If you went to National Journal’s website this morning, you may have seen the dark brown eyes of a beautiful horse staring back at you with a desperate call to action. The latest AVMA advertising campaign urges Congress to take action on two important federal bills that will help ensure the health and welfare of America’s horses.
The first bill—the Prevent All Soring Tactics (PAST) Act (H.R. 1518/S. 1406)—aims to make the inhumane practice of soring illegal so that America’s walking horses are protected from unethical trainers and abuse in the show ring. Supported by more than 280 House members and a majority of U.S. senators, the clock is running out on this Congress to bring the bill to a floor vote so that it can be passed into law. House leadership said in the past that when the bill reached 100 Republican cosponsors it would receive consideration. However, bill sponsors and supporters are still waiting for leadership to honor that commitment now that the threshold has been surpassed.
The AVMA has long advocated for this legislation and recently testified before House members, calling on Congress to pass the bill. Many other organizations, including the American Association of Equine Practitioners, all state veterinary medical associations and a number of horse industry and animal protection organizations, also support this bill and many are planning to walk on Washington on June 18 to bring awareness to this important issue. In addition, many notables, including Priscilla Presley, ex-wife of Elvis Presley, and individuals within the walking horse industry, such as Carl Bledsoe and Bill Harlin, have recently spoken out in favor of this bill.
The second bill—the Horse Transportation Safety Act (H.R. 4440/S. 1459)—will outlaw the use of double-decker trailers to transport horses on America’s highways. These vehicles do not provide the space that horses need to safely and comfortably stand and maintain their balance during their trips, resulting in injuries that could have been prevented. Although the bill is currently stuck in committee in both the House and Senate, the AVMA is hopeful that the bill will be included in the next surface transportation reauthorization bill, soon to be under consideration in Congress.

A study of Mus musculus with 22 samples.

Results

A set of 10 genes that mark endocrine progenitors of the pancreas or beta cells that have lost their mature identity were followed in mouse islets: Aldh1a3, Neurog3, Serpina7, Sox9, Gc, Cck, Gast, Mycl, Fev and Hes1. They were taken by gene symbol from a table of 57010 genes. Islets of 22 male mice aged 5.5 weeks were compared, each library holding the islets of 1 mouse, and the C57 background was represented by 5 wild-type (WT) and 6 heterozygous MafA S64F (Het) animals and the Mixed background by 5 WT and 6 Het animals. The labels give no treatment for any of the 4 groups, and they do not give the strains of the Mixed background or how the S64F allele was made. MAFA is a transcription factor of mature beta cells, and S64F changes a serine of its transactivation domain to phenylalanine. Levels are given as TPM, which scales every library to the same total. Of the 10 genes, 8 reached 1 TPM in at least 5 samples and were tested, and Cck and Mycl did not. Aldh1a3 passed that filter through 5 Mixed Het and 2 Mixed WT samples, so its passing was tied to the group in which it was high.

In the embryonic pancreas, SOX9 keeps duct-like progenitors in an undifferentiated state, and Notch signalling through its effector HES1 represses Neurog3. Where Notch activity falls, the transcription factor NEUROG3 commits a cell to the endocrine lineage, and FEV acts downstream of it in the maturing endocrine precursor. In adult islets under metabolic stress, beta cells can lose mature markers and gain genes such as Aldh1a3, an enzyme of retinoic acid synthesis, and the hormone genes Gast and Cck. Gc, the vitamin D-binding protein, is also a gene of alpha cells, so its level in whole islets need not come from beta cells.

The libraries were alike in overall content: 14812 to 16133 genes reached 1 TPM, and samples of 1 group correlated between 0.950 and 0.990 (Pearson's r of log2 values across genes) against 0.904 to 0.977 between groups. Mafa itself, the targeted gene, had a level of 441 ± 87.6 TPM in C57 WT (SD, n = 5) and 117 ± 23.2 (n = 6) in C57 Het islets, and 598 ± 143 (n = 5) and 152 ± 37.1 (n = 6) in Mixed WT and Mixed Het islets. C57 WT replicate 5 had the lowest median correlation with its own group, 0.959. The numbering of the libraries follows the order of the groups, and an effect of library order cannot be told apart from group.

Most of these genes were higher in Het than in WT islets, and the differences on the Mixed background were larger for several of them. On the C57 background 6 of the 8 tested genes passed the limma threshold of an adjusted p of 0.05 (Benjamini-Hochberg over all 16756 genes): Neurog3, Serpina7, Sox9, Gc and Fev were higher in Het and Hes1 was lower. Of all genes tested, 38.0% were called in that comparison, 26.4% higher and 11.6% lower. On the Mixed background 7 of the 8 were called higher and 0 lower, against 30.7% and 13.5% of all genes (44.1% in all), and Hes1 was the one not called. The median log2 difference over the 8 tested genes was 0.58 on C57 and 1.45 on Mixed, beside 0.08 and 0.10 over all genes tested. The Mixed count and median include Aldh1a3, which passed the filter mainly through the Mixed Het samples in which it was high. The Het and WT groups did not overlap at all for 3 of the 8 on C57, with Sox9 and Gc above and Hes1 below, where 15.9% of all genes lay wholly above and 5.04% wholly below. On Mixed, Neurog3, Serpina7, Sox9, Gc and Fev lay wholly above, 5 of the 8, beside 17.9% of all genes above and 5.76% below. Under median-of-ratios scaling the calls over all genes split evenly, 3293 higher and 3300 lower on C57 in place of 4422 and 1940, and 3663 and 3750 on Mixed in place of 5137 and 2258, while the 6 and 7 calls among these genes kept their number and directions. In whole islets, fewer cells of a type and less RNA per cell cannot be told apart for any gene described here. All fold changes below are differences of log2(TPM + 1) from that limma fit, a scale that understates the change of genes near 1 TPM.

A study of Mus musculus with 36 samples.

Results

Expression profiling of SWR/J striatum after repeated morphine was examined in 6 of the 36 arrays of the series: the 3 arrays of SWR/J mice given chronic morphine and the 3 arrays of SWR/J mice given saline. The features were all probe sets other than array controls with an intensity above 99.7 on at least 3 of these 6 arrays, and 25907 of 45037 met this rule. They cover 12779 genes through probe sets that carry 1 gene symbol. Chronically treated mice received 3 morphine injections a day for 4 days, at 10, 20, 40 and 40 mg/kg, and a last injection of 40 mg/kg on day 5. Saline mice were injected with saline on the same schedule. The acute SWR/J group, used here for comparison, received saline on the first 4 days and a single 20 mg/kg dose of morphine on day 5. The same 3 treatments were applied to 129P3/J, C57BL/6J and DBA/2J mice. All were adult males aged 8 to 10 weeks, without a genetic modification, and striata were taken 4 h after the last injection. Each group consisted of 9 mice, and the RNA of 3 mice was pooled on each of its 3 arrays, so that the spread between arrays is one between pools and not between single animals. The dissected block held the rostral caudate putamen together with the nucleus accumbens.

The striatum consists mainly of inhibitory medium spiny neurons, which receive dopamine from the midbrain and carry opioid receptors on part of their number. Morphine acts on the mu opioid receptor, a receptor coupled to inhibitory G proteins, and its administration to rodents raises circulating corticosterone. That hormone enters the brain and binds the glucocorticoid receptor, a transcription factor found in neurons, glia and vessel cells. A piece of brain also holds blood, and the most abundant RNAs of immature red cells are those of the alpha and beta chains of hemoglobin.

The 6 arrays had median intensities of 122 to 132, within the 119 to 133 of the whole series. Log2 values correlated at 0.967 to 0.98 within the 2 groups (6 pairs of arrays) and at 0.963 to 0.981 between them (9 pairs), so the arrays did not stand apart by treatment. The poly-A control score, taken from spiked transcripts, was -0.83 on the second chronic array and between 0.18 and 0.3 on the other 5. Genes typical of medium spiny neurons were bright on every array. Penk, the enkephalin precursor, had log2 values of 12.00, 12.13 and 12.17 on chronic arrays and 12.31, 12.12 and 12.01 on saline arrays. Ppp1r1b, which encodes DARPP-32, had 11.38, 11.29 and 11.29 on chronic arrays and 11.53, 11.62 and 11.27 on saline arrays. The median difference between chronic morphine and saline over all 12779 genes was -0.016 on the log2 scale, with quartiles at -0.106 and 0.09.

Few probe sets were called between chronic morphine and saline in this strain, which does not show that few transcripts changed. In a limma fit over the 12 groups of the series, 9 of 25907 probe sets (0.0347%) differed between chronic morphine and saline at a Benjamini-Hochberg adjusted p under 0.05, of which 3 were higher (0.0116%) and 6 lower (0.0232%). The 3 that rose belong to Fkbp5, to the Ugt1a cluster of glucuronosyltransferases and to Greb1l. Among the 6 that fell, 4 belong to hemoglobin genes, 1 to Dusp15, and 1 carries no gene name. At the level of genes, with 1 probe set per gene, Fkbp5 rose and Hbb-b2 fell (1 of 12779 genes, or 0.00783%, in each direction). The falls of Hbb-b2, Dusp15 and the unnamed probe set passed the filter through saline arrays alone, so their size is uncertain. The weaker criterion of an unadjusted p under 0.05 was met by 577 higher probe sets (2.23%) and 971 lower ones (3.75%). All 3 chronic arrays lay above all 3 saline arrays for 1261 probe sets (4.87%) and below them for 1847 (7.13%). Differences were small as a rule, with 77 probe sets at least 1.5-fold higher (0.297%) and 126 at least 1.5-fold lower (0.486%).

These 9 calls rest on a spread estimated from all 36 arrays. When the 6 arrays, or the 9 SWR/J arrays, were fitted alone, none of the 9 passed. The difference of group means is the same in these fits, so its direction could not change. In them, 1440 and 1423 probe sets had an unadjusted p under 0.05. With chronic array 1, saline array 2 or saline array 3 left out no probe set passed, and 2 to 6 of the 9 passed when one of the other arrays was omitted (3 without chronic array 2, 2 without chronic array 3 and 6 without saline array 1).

The AVMA’s digital advertising campaign will run on National Journal’s website June 9-15, and people who access the publication’s website from their mobile devices—smartphones, tablets or laptops—will be able to see them as well. All advertisements will link to a page on AVMA’s website where interested people can learn more about the two bills, read recent news on the topics and take action by writing their members of Congress.
For the first time, the AVMA Congressional Advocacy Network will also complement the weeklong campaign with banner and display advertisements on Facebook, urging Americans to write their members of Congress in support of these bills and join the AVMA-CAN to get the latest alerts on legislation impacting veterinary medicine or animal health and welfare.
AVMA members are encouraged to visit the new Web page to learn more about the two bills and to contact their legislators today. Time is running out on this Congress—let’s work together to get these bills passed to protect the health and welfare of America’s horses.